UMass Amherst Researchers Solve Long-Standing Mystery of How Cellulose Chains Break Down

One would think that scientists had long ago cracked the secret of cellulose, the most abundant polymer on Earth, in order to break its chemical bonds and harness its wealth of energy. But in fact, only recently have theoretical chemist Scott Auerbach and colleagues at the University of Massachusetts Amherst discovered how cellulose chains break down with heat, which is critical information for efficiently converting cellulose to biofuels.
 
Reporting in the current issue of the Journal of the American Chemical Society, Auerbach and chemical engineer Paul Dauenhauer, with others, for the first time model at the molecular level the activation energies needed for the chemical reaction known as “fast pyrolysis” to proceed in cellulose. The model meets the tight strictures of chemical accuracy, within 5 kilojoules per mole of cellulose. “We’re quite sure that experiments testing our model will confirm it,” says Auerbach.
 
A basic building block of plants, cellulose is a naturally occurring crystalline polymer carbohydrate that can take many forms but is usually rigid, like uncooked spaghetti. Researchers have tried for years to convert the abundant, cheap material to biofuels and valuable chemicals, using heat to break or “depolymerize” the chemical bonds to yield a vapor, the necessary precursor to biofuels. But the process has been unpredictable, with different outcomes derived from different heating protocols.
 
“No one knew how cellulose thermal depolymerization works at an atomic scale,” Auerbach says. “There had been a great deal of uncertainty and controversy about the fundamental reactions and processes. But for the first time our theoretical calculations reveal the dynamics of these bond-breaking events. Given this new knowledge, we can begin to build a picture for how cellulose depolymerizes and how it can be done better and more efficiently.”
 
Results of the UMass Amherst team’s modeling are presented in a table with 18 reaction pathways at two temperatures, 327 and 600 degrees C.
 
Overall, Auerbach says, “The key chemical feature that holds cellulose together, hydrogen bonding, can also be the seed of its own destruction.” That’s because below about 260 degrees Celsius (500 degrees Fahrenheit) hydrogen bonds hold the cellulose chains together in much the same way as they hold water molecules together in ice. But the UMass Amherst team found that above this temperature, these same hydrogen bonds begin to insert themselves between other atoms, promoting, or catalyzing, the breakup of chemical bonds.
 
Auerbach points out, “We modeled not only these 18 pathways, but the activation energy for each. So now we know where the transition from the intermediate liquid to vapor takes place. The table shows the different kinds of processes and transition points for each in kilocalories per mole, at a particular temperature. The amazing new thing is that hydrogen bonding keeps cellulose intact in one situation and catalyzes its own destruction in another. Cellulose carries the key to its own destruction within its chemical makeup.”
 
From previous experimental work, it was known that rapid heating, or fast pyrolysis, turns cellulose into a mysterious but unknown new phase dubbed “active cellulose,” with properties different from cellulose, but still not the desired vapor. Auerbach says, “This active cellulose stuff is very difficult to characterize, with different heating methods yielding different results, in some cases solid and reversible, and in others liquid and irreversible. Nobody knew what this ‘active cellulose’ really is.”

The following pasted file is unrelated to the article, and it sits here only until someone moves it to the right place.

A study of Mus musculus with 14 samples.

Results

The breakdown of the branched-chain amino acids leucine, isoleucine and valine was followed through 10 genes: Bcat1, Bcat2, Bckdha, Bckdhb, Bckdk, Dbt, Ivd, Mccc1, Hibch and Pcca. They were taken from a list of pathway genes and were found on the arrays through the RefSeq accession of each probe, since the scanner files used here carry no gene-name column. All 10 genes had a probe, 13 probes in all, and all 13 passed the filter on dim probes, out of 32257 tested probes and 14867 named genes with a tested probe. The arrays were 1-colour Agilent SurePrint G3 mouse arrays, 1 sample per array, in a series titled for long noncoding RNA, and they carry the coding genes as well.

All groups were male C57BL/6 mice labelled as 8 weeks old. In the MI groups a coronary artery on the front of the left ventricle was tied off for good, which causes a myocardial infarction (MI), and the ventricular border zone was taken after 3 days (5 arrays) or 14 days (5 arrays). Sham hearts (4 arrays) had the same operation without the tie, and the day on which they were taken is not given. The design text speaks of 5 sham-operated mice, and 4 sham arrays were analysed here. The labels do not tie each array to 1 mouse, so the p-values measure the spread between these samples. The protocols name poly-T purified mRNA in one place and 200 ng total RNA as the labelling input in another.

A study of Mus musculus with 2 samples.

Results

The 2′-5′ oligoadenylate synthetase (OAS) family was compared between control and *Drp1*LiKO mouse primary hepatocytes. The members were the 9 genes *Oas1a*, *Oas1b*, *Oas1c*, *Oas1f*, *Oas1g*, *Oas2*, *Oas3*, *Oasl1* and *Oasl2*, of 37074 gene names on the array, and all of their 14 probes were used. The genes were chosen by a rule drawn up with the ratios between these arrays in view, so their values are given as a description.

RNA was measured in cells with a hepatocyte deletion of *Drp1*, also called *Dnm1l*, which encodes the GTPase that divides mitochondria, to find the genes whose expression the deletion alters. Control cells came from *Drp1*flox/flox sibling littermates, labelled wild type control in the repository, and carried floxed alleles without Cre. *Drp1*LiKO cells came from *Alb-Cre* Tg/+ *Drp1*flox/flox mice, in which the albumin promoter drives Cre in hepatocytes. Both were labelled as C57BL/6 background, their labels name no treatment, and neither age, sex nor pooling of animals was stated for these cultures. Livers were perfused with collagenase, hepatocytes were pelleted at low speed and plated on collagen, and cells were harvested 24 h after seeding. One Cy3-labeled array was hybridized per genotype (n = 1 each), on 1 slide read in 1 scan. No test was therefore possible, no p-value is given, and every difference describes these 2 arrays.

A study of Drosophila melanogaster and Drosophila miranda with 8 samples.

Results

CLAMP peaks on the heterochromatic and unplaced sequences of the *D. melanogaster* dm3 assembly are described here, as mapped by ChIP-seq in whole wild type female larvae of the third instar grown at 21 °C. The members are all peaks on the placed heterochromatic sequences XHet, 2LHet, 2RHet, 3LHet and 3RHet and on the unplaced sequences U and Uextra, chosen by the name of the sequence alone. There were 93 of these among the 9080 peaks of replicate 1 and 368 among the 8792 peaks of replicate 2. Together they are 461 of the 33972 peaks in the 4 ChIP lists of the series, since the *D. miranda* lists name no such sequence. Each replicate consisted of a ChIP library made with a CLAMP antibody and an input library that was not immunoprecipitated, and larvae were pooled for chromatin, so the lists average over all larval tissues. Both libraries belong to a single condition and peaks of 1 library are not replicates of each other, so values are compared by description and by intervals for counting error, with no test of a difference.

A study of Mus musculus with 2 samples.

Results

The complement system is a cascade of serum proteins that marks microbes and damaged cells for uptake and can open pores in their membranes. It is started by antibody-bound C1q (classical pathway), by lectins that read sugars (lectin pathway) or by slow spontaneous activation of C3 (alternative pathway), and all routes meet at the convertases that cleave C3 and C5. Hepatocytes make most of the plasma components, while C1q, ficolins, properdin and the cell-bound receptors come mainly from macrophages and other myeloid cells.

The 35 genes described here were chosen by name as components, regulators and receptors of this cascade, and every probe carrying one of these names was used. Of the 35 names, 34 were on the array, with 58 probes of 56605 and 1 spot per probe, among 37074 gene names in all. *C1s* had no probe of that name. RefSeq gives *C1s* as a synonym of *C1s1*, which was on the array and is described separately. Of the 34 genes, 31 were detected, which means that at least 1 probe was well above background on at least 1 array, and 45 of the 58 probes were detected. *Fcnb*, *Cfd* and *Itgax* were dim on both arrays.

As a result of the modeling, however, he and colleagues now know cellulose’s secret, the pathways and barriers by which cellulose chains are likely to break. To make these discoveries, the researchers applied special Car-Parrinello molecular dynamics (CPMD) software, named after its developers, in a new way. This accomplishes two tasks that are usually done separately: Making accurate quantum calculations of chemical energies and performing exhaustive sampling of atomic configurations.
 
Auerbach explains, “The cellulose pyrolysis mystery was a classic: to engage in accurate calculations we needed to know which atomic configurations to consider, but to know which atomic configurations were important we needed accurate calculations.  CPMD allowed us to do them both in one shot.”
 
But still, Auerbach adds, one problem remained to prevent the cellulose mystery from being solved. Simulations can sample molecular motions only for short times, very much shorter than those required to observe bond breaking. To address this, Auerbach and colleagues applied a very recently developed method for accelerating the dynamics while still getting the right answer. “It worked,” he says. “Accelerating the dynamics was the key, the technical breakthrough making this discovery possible.”
 
At last confirming their simulations, the researchers found the statistically most likely product of cellulose pyrolysis to be the compound levoglucosan (LGA), which also is the major product in experiments. “We knew we were on the right track when we saw LGA,” says Auerbach. He and Dauenhauer are applying these new insights with their colleagues to find more efficient ways to make biofuels from cellulose.